On April 1, the Maryland General Assembly voted to refer a constitutional amendment to voters in November that would legalize marijuana for adults 21 years of age or older beginning in July 2023 and direct the state legislature to pass laws for the use, distribution, regulation, and taxation of marijuana.
To put a legislatively referred constitutional amendment before voters, a 60% vote is required in both chambers. The constitutional amendment was introduced as House Bill 1. On February 25, it passed the state House in a vote of 96-34. On April 1, the Senate passed the bill with amendments by a vote of 29-17. The House concurred with the amendments by a vote of 94-39. It does not need the governor’s signature to appear on the ballot.
On the same day, the legislature passed implementing legislation, House Bill 837, which would take effect if the amendment is passed by voters. HB 837 would legalize the personal use and possession of up to 1.5 ounces or 12 grams of concentrated cannabis for individuals 21 years of age or older. It would also legalize the possession of up to two cannabis plants. It would change the criminal penalties for persons found possessing cannabis under the age of 21. The bill would also automatically expunge convictions for conduct that would be made legal under the law, and individuals serving time for such offenses would be allowed to file for resentencing. The bill would require specific studies on the use of cannabis, the medical cannabis industry, and the adult-use cannabis industry. It would also establish the Cannabis Business Assistance Fund and the Cannabis Public Health Fund.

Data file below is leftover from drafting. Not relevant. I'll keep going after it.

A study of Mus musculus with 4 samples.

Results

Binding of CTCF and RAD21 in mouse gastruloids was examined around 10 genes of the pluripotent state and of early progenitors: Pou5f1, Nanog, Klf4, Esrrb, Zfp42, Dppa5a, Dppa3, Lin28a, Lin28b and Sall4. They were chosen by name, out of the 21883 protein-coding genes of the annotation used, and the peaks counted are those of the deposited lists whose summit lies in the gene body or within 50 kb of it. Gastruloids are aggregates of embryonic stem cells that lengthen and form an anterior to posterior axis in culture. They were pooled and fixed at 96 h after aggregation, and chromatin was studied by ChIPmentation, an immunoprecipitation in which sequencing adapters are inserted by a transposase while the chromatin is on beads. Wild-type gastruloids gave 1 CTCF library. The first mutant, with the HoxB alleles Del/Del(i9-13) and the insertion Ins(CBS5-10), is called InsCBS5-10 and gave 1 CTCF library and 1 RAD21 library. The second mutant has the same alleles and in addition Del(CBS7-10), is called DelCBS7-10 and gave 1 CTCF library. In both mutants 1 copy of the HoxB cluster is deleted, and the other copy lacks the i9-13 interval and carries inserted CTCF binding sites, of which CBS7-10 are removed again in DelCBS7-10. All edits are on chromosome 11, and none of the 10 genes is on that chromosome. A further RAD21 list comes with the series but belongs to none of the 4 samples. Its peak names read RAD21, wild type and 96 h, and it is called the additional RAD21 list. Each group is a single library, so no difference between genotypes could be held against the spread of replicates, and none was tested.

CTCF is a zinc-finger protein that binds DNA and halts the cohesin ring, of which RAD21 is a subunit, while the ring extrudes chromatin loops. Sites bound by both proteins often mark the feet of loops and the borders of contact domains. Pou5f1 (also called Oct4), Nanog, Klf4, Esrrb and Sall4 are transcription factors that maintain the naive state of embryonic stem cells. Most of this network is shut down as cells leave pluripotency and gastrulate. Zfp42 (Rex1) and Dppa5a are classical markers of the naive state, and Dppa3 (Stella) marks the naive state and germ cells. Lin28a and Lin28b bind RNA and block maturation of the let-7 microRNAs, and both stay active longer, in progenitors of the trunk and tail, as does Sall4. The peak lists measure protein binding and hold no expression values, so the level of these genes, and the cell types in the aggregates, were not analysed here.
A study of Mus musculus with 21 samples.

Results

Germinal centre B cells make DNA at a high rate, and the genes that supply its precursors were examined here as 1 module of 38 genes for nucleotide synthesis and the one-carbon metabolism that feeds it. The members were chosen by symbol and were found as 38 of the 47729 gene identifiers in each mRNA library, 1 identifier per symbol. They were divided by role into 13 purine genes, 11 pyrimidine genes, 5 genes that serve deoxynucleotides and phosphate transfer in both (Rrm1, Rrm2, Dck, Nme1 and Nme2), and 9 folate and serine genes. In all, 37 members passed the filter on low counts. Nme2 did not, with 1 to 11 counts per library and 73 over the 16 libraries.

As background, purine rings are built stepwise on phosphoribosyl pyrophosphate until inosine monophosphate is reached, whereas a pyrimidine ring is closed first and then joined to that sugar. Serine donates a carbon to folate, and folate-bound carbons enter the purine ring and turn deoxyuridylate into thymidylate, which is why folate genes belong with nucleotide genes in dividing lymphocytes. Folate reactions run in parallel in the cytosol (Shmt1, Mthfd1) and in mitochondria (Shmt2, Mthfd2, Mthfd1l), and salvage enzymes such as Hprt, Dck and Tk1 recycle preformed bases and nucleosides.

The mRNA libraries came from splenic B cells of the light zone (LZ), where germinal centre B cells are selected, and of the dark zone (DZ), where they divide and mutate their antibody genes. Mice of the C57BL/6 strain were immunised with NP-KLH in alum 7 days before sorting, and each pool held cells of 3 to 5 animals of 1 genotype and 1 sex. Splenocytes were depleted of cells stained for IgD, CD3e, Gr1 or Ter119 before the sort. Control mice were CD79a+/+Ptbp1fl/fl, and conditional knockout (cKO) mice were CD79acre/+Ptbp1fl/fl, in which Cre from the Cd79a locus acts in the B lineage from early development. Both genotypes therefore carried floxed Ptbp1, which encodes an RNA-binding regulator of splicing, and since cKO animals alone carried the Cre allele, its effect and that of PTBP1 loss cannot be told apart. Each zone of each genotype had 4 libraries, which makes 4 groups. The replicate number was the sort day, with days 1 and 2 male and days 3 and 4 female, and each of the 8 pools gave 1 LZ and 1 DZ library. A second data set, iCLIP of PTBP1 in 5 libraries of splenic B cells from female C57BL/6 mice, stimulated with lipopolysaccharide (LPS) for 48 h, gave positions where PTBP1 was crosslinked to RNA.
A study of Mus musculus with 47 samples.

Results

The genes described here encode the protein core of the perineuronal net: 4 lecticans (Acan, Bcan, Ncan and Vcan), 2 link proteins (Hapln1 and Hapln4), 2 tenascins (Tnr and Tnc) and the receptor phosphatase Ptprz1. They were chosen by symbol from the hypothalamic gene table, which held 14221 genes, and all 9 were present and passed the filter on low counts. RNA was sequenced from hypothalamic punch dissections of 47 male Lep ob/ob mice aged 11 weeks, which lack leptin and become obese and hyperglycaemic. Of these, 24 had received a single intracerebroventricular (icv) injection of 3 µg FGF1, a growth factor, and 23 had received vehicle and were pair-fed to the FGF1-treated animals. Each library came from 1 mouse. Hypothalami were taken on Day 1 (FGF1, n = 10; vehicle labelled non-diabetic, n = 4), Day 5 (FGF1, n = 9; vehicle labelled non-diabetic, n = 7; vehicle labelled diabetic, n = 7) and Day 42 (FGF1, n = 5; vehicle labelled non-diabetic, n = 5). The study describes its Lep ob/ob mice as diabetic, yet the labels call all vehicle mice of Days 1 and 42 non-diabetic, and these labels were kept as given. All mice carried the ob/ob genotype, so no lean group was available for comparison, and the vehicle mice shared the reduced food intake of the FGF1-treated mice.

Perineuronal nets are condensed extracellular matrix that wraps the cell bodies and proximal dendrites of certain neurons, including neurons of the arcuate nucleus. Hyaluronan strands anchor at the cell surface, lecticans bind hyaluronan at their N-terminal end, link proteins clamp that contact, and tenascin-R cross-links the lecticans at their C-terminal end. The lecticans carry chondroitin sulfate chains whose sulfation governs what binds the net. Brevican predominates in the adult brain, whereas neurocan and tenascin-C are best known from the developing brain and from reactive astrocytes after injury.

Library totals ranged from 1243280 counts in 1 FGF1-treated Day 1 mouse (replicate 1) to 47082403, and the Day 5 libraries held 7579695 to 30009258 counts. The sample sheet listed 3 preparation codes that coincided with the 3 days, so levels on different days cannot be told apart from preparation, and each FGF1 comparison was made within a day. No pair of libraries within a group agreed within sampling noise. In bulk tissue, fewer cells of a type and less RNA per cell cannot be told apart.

If approved by voters, Maryland would join 18 states and Washington, D.C., in legalizing marijuana for recreational use. The amendment is the first related to marijuana to qualify for the 2022 ballot. In 2020, ballot measures to legalize recreational marijuana were approved by voters in Arizona, Montana, New Jersey, and South Dakota. The New Jersey measure was the first legislatively referred measure to legalize recreational marijuana. The measure in South Dakota was ruled unconstitutional on February 8, 2021. The case was appealed to the state Supreme Court, which upheld the lower court ruling.
Olivia Naugle, a legislative analyst with the Marijuana Policy Project, said, “Marylanders have long awaited a new approach to cannabis policy and the passage of these bills is a promising step forward. We applaud the legislature for taking decisive action this session to finally end the era of cannabis prohibition, a policy that is both long overdue and supported by a majority of constituents. We look forward to working with Maryland legislators on this issue moving forward.”
State Senator J. B. Jennings (R), who voted against the amendment, said, “I just don’t think it should be in the constitution.”
Maryland voters will also be deciding on three other constitutional amendments in November that would make the following changes:
- Rename the Maryland Court of Appeals to the Supreme Court of Maryland and the Maryland Court of Special Appeals to the Appellate Court of Maryland
- Increase the amount in controversy in civil proceedings in which the right to a jury trial may be limited by legislation from $15,000 to $25,000
- Require that state legislators reside and maintain a place of abode in the district in which they wish to represent for six months prior to the date of election
From 1996 through 2020, 33 of 36 statewide ballot measures were approved, and three were defeated.